The Inter Press Service, an international news agency focused on development and globalization, published a lengthy review of photojournalist Mimi Chakarova’s work on sex trafficking today. Chakarova’s multimedia project, The Price of Sex, was produced by the Center for Investigative Reporting.

Chakarova’s work sensitively presents the tragic stories of women from countries such as Moldova or the Ukraine sold into brutal sexual slavery often by neighbours or acquaintances. The few women who manage to escape find themselves facing not only serious health issues or psychological trauma, but also the social stigma associated with having worked as sex workers.

One of the young women interviewed by Chakarova, Jenea, from a small village in southern Moldova, was sold into prostitution by a neighbour who had promised to help her get a job in Moscow. At 18, Jenea found herself locked in a hotel room in Turkey, forced to sleep with as many as 50 men on some days. She escaped after one year.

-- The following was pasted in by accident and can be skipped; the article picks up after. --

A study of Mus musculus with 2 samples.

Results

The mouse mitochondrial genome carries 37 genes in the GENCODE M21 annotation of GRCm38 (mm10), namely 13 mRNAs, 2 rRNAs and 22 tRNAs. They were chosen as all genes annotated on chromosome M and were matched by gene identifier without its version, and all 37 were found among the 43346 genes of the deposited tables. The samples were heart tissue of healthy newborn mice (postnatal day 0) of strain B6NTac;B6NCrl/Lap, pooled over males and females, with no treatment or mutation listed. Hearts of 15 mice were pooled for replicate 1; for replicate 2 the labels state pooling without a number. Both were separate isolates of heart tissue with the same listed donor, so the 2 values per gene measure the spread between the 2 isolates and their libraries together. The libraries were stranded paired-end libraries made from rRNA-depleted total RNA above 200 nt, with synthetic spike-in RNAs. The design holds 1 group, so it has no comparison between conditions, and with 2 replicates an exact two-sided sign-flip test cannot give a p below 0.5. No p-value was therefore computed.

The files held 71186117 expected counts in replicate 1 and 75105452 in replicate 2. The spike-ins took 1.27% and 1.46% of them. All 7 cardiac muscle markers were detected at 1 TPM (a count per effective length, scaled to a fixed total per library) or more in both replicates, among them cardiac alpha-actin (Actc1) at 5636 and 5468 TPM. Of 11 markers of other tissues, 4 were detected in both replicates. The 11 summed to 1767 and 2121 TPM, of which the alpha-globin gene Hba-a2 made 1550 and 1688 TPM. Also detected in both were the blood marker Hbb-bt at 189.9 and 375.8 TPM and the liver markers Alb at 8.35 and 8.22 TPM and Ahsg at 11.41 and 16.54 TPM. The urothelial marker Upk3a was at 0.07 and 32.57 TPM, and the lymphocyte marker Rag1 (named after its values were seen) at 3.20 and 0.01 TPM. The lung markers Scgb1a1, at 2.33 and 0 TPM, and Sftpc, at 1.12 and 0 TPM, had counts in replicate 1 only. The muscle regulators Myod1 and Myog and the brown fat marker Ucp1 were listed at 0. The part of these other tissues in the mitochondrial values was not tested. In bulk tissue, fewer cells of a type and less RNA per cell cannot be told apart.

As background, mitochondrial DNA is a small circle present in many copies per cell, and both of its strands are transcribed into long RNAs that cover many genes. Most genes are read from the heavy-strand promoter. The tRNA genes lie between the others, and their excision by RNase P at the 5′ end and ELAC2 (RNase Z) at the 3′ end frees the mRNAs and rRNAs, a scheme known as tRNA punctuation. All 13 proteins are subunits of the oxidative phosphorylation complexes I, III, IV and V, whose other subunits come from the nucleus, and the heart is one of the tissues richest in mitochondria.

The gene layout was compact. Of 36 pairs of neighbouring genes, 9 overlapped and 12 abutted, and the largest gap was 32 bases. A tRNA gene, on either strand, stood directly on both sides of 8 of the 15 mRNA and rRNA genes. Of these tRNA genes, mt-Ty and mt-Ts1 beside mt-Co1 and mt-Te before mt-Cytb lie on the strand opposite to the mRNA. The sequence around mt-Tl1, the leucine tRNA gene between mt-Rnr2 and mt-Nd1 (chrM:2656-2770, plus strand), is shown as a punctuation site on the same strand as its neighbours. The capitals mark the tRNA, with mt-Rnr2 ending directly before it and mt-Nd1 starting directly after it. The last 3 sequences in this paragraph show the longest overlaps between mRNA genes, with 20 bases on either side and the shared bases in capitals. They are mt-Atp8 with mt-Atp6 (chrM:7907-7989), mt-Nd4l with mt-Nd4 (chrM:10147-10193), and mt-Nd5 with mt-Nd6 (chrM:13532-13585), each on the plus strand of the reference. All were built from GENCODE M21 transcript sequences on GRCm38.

Back in her village, she now lives in a two-room house with her sister and niece, unable to find a job because of prejudice, and health problems – incontinence, a direct result of the sexual abuse suffered in Turkey. “It would have been better for me not to have been born,” Jenea says softly, on camera.

Chakarova’s research certainly goes further than telling the terrible stories of trafficked women. The detailed personal accounts highlight the problems that need to be addressed if sex trafficking is to be controlled. Poverty emerges time and again as the main cause in each of her stories.